In the academic world, grid computing stirs the imagination of life sciences researchers with visions of accessing biological databases and computing resources across the globe. So far, however, concerns about data security and investing in an immature technology have discouraged scientists in industry from participating in grid projects as enthusiastically as their academic counterparts.

But at least in the UK, that may be changing. In one effort, centered in Belfast, Northern Ireland, researchers at Queens University Belfast have enlisted two local biotech firms — Fusion Antibodies and Amtec Medical — to participate in developing GeneGrid, a year-old project to create a “virtual bioinformatics laboratory.” Although the companies don’t have to contribute funding — the collaborative project was awarded an initial £500,000 grant from the UK e-Science program — scientists from the two companies say they’re helping design GeneGrid’s interface and capabilities as well as serving as guinea pigs by testing the initial versions of the system.

GeneGrid itself is a product of the Belfast e-Science Centre, one of eight regional grid computing centers of excellence across the UK. Led by Ron Perrott, a professor of software engineering at Queens, the Belfast effort is attempting to differentiate itself from other grid computing projects by focusing on industrial use cases, says Paul Donachy, the commercial director for the Belfast e-Science Centre.

Donachy says GeneGrid is taking an industrial standpoint by soliciting input from Amtec and Fusion on how they’ll want to use the grid. “Our remit was to identify basic ‘problems’ for the GeneGrid to solve, and to identify public-access genetic databases for plugging into the GeneGrid,” writes Amtec research scientist Shane McKee in an e-mail.

More specifically, GeneGrid consists of middleware designed by the Belfast group that relies on the Open Grid Services Architecture model. Donachy says the middleware can pull in applications along with various public and private data sets to complete a user-specified bioinformatics computation. Through the grid, Donachy says users will be able to access computing resources at the other seven e-Science centers in the UK, as well as at the San Diego Supercomputing Center. All traffic is encrypted to alleviate concerns about data security, Donachy adds.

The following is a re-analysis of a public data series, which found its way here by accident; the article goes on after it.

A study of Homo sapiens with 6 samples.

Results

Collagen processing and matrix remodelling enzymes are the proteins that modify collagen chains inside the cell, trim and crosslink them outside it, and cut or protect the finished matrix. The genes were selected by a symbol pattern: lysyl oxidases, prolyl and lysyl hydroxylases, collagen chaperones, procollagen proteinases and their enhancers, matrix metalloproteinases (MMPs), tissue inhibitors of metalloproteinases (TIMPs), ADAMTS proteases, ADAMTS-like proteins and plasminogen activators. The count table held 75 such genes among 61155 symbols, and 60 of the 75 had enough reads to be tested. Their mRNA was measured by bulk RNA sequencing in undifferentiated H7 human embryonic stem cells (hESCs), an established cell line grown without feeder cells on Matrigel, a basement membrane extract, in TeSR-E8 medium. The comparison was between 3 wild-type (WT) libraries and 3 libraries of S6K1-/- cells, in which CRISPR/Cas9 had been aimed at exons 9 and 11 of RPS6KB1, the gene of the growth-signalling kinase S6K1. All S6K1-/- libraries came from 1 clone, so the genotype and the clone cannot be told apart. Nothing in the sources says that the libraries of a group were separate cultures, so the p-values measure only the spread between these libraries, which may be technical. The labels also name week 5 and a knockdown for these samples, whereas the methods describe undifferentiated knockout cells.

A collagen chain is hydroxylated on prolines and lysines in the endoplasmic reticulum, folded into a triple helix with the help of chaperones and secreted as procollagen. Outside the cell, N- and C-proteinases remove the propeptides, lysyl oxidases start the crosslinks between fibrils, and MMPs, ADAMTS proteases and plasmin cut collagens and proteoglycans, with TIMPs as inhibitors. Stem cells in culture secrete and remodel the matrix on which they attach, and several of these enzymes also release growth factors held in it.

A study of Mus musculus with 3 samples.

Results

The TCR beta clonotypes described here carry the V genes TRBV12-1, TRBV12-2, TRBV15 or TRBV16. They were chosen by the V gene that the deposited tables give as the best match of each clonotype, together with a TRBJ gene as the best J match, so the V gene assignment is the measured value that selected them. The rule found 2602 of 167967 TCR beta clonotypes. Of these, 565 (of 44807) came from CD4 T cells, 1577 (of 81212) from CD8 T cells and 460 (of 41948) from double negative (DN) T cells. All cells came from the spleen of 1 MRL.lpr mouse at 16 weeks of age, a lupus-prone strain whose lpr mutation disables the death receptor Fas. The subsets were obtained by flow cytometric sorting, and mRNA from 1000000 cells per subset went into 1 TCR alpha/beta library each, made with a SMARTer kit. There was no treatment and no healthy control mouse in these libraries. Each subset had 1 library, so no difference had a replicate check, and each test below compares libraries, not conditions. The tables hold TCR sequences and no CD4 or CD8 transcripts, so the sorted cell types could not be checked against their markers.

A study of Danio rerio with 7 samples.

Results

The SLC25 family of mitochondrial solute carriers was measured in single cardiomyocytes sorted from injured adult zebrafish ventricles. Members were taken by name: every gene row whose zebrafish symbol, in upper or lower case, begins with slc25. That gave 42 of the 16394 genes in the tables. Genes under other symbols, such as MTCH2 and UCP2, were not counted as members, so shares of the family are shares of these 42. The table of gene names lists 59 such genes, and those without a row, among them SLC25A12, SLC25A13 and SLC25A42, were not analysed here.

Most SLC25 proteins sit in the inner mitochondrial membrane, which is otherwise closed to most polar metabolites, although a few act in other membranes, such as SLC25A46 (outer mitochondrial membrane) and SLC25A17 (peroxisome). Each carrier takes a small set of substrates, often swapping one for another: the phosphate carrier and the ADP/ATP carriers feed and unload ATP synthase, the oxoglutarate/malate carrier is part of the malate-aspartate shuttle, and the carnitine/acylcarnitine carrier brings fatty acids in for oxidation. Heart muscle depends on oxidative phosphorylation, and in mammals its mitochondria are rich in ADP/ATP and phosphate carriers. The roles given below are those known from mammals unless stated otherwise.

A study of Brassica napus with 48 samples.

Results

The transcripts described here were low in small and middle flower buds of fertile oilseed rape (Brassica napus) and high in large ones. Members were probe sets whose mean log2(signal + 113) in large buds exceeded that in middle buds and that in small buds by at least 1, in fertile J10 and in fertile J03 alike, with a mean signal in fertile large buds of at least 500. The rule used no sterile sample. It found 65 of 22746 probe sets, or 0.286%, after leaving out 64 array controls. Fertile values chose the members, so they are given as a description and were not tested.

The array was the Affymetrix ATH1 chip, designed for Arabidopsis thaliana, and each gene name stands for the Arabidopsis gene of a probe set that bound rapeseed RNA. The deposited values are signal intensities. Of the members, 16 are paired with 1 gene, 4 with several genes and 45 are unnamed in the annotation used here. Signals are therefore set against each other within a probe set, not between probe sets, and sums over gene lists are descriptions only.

As this magazine went to press, scientists at Amtec and Fusion were about to test-drive a second version of GeneGrid in the hopes of working out the bugs before the end of the year. The new version, says Paul Kerr, Fusion’s director of business development, is expected to be more user-friendly, as the initial version of GeneGrid “required a lot of code up front.” The user interface, he adds, “was the last thing to be sorted out.” By the spring, Kerr plans to install GeneGrid as an integral part of the company’s bioinformatics infrastructure.

Ultimately, Fusion hopes to use GeneGrid to help perform massively parallel Blast searches to identify novel drug targets, Kerr says, followed by calculations to predict protein structures and solubilities for promising drug targets. Fusion, also based in Belfast, has plans to seek out its own proprietary drug targets — in addition to performing protein expression and antibody production services for other pharma and biotech companies.

Amtec, a developer of medical devices with a tradition of bioinformatics expertise, is taking a more wait-and-see approach. Writes McKee: “Whether [GeneGrid] ends up making a difference to medical devices is open to question, but there will be market opportunities for genetic data analysis, and Amtec’s extensive experience in this area will prove very useful.”